I actually think switching to something like 5/3/1 or Texas Method earlier in training life is a good idea. SS or SL can get you that first set of big wheels on the bar, maybe a lot more for some people. But for that kid who “stalls” at 3x5x155 every time, maybe what he needs is a cycle of 5/3/1 where he can do a triple with 165, or a single with 175, or a workout where he ramps up and hits a big “1+” set that ends up in cranking out 7x165 when he’s fresh.[/quote]
I agree with your basic point about trying a different program when you stall, but the 155 squat seems to be setting the bar pretty low. I mean, I would be inclined to bet money that no healthy young male training in Rippetoe’s gym (i.e. under his supervision) has ever failed to progress beyond a 155x5 squat on starting strength. I think if that’s happening, something is wrong.[/quote]
I agree. Unfortunately, most kids trying SS aren’t doing it in Rippetoe’s gym, under his supervision. And while I agree that 155 is setting a very low bar, we definitely HAVE had at least a few examples on this forum of kids “stalling” at very low weights (has anyone seen Bull Scientist lately? Flight1?)
Do I happen to share the belief from Chris C. that most of the guys failing to progress are probably suffering from YNDTP? Probably, yes. If you actually follow the program to the letter, it works. To get a bit dorky, I think we’re haggling a bit about the difference between “efficacy” (ability of something to work when implemented properly under ideal conditions) versus “effectiveness” (how well it actually works when applied in the real world, including failures due to operator error).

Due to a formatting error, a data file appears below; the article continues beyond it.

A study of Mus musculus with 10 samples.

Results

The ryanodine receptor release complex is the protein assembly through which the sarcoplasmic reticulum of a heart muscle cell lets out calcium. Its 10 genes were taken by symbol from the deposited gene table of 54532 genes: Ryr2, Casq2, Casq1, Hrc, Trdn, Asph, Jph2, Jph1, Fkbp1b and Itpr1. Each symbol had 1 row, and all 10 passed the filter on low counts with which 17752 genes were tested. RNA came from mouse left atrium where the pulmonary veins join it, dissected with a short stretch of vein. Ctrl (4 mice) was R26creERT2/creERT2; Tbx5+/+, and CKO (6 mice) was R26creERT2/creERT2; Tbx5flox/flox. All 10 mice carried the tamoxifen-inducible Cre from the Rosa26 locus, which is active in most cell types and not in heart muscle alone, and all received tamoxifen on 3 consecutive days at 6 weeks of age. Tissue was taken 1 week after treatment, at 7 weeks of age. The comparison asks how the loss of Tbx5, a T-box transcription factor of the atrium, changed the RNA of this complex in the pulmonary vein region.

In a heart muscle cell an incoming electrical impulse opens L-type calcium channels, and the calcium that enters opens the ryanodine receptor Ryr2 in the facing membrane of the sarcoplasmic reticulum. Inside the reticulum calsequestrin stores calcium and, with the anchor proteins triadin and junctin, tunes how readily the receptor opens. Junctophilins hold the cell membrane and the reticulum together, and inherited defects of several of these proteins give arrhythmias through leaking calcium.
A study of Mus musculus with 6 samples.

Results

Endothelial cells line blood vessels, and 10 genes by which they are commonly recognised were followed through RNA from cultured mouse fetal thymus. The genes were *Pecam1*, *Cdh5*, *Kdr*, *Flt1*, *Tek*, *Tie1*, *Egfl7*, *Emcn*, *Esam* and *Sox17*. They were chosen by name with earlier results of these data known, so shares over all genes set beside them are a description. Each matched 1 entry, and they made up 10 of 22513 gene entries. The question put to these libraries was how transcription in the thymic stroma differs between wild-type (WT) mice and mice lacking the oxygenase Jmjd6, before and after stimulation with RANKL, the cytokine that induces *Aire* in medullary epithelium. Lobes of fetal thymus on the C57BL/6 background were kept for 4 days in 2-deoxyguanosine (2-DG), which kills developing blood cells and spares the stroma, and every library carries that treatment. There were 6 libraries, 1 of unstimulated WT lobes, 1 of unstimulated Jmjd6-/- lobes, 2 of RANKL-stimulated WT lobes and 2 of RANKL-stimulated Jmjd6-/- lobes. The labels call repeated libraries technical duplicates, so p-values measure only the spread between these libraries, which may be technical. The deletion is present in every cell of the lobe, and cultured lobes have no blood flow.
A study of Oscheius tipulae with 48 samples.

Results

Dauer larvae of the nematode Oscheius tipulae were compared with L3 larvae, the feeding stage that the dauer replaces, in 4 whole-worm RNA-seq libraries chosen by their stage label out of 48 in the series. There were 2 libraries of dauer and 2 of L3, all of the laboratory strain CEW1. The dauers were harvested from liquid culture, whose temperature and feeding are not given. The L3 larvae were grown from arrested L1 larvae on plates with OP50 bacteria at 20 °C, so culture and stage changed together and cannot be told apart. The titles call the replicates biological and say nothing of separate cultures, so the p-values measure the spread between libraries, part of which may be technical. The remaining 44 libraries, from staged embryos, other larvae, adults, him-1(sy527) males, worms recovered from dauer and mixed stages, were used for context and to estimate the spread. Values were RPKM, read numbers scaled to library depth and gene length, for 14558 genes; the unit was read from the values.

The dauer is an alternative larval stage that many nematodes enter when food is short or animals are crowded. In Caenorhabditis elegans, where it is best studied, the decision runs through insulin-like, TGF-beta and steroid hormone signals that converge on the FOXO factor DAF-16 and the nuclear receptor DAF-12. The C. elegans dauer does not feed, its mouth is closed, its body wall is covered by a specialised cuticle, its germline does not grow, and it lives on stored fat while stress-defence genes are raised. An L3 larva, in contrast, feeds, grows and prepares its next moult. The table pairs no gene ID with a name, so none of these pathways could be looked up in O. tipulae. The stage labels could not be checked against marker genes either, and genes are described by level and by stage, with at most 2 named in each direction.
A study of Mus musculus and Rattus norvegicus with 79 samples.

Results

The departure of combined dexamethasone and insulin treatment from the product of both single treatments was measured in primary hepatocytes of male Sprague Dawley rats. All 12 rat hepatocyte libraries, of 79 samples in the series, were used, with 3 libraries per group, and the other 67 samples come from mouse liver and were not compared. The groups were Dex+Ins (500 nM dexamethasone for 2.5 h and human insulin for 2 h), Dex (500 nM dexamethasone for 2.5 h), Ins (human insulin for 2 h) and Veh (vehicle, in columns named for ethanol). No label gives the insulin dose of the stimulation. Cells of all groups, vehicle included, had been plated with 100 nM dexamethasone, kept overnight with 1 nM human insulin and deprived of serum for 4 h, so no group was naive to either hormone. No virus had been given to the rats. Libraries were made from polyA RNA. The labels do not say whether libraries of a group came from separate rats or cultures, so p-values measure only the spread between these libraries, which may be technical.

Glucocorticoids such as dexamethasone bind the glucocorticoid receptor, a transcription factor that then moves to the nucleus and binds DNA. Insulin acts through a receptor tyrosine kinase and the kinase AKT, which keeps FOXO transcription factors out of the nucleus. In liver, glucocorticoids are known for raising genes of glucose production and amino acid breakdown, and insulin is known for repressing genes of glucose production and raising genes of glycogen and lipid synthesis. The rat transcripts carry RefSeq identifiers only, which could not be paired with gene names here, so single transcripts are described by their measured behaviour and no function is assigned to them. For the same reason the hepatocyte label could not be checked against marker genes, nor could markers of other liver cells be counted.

For example, suppose I develop a drug. I give it to 100 people, they all take the recommended dose at the recommended time, and it works for 98 of them. Sha-zam! We have a product that is efficacious.
Now we prescribe the drug to another 1000 people, send them home, and hope they follow the package directions. 750 of them do so, and 98 percent of THEM do really well. But 150 people forgot to take the morning dose AND the nighttime dose, and another 100 took one pill instead of two, etc. Superb “efficacy” but less superb “effectiveness” because the people don’t always follow the directions.
So: if the kids aren’t going to really attack the program right, or have Mark Rippetoe supervising them, and they stall at 155 for whatever reason, they might be better served by moving on to a different program. Like I said in my first post, for kids that just have a mental hurdle, maybe handling an even heavier weight for a few lower-rep sets, like they might do in something 5/3/1, would get them over that mental block of 155 being too heavy. Or in something like Texas Method, if they work up to a 5RM for one set and hit 165 for 5 reps, maybe next time they’ll be able to finish all 3 sets of 5 with 155 because now they believe in themselves and no longer view 155 as this unassailable demon.